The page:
In the previous post we introduced the Linux command line and, more specifically, the CLI Bash as a powerful tool that we must not be afraid to use when using a Linux-based system like Raspberry Pi.
We left out some more advanced aspects of the command line. In this post we will delve into some of these advanced concepts of Bash and the terminal that will allow us to be more efficient when running commands in Linux on our Raspberry Pi.
Sequential execution of commands
In Bash it is possible to execute several commands in a single line. So, if we want to execute command1 and then command2, regardless of the result of command1, we can use the separator ’;’
command1 ; command2
It is also possible to conditionally execute sequences of commands, where the execution depends on the result of the previous command.
So, to execute a command only if the previous command was successful, we use the separator ’&&’
command1 && command2
If, on the other hand, we want to execute a command only if the previous command failed, we use the separator ’||’
command1 || command2
As an example, to launch a 5-second wait and then launch the ‘nano’ text editor opening the ‘hello.txt’ file we execute the following instruction:
sleep 5 && nano hello.txt
Using Bash history
We have already seen in the previous post that we can navigate between previously entered commands using the “up” and “down” arrow keys on the keyboard.
We can also use reverse search by pressing the ‘Control + R’ keys. By typing the first letters of a command that we have previously written, Bash searches among the commands and finds the command that starts with the letters we have written.
Once located, we can press enter to execute the command, or tab to leave it as the current command.
On the other hand, if we want to repeat the last command used we can write
For example, it is very useful if we have written a command and have forgotten to use sudo. We can repeat the command by typing:
Finally, it is also possible to refer to one or more arguments written in the last command.
!* #The previous command without the last word
!$ #The last word of the previous command
$* #All parameters from the previous command
$@ #All parameters from the previous command as a vector
For example, we can create a directory and then access it by typing:
A similar behavior can be obtained with the key combination ‘Alt + .,’ which cyclically shows the last entered arguments.
It is possible to use the symbol ’*’ as a wildcard, meaning “anything”.
For example, if we have a file called ‘reallyLongFileName’ and we want to apply a command, we can use
We will execute the command on all files that start with name and end with long, within the current directory.
A very common use is to delete (or copy, or any other command) all files with an extension. For example, to delete all files with the ‘txt’ extension we would execute:
Redirections in Bash
Another interesting aspect is the possibility of performing redirections, that is, making the output or input of a command have a different origin than the command line. The most common destinations/origins are text files (although there are others).
So, an output redirection, in which the result of a command is sent to a “destination” instead of being displayed on the screen, would look like this:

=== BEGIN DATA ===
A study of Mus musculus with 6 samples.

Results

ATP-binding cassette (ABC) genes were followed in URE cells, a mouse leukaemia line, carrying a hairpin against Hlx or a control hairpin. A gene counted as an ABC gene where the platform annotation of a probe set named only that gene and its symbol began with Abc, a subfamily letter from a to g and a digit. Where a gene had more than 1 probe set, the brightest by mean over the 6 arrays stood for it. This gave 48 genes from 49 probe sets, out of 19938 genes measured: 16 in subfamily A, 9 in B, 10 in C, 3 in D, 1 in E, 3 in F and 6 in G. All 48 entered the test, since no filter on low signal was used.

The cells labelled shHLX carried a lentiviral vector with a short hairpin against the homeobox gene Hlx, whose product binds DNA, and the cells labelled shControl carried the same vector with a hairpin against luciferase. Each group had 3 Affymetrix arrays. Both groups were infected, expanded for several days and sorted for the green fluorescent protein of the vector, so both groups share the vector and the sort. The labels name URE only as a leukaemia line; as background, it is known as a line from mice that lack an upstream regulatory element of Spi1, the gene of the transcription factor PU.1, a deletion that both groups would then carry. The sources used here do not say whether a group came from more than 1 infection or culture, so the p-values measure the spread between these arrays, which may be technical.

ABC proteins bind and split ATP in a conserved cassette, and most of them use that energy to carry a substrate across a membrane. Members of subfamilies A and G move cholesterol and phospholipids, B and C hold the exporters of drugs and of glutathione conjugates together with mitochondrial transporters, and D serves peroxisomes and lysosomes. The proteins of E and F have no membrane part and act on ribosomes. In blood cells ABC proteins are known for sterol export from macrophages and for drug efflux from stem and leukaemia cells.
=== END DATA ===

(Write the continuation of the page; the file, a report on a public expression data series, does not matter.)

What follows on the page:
command > destination
And an input redirection, in which the command uses “origin” as input instead of the keyboard
command2 < origin
For example, if we want to save the result of a command in a text file we use an output redirection. To do this we use the ’>’ character if we want to replace the contents of the file, or ’>>’ if we want to add the content while keeping the original.
So, if we want to save the list of files and folders in a directory to an “output.txt” file we could execute the following instruction:
ls > output.txt
If, continuing with the example, we want to count the number of lines in the “output.txt” file we can use an input redirection with the following instruction:
wc < output.txt
Pipes allow sending the result of a command as input to another command. It is similar to combining an output redirection and an input redirection. The ’|’ character is used for this.
For example, the following example lists all the files in a folder with the ‘ls’ command and then searches the result for lines containing the word ‘word’ with the ‘grep’ command.
ls | grep Word
Multiple command interpreters
In most distributions it is possible to execute several independent and simultaneous command interpreters, apart from those that we can launch as windows within the graphical environment.
So, we can press the key combination Control ‘Ctrl + Alt + F1’ … F6, to launch up to 6 independent terminals from the graphical environment.
If we have several terminals open, we can execute the following command to know in which terminal we are.
On the other hand, the keyboard shortcut ‘Ctrl + d’ closes the current terminal session. Finally, the combination ‘Ctrl + Alt + F7’ will return us to the graphical environment, if we were using one.
Running processes in parallel
It is also possible to run several processes in parallel from a single command line. To run a command and send it to the background we use the ’&’ character.
For example, if we want to launch chromium but not wait for it to close to continue running commands, we can launch it in the background with:
On the other hand, the keyboard shortcut ‘Ctrl + z’ sends the current process to the background.
To see the processes we have running in the background we execute the command
And to recover the last process we put in the background we use the command
So far the post to become expert users of Bash and completely lose the fear. There are still many more things to explain, but we will discover them little by little. We will frequently use the command line in the Raspberry Pi and Linux tutorials. So you know. Let’s dive deeper into Bash!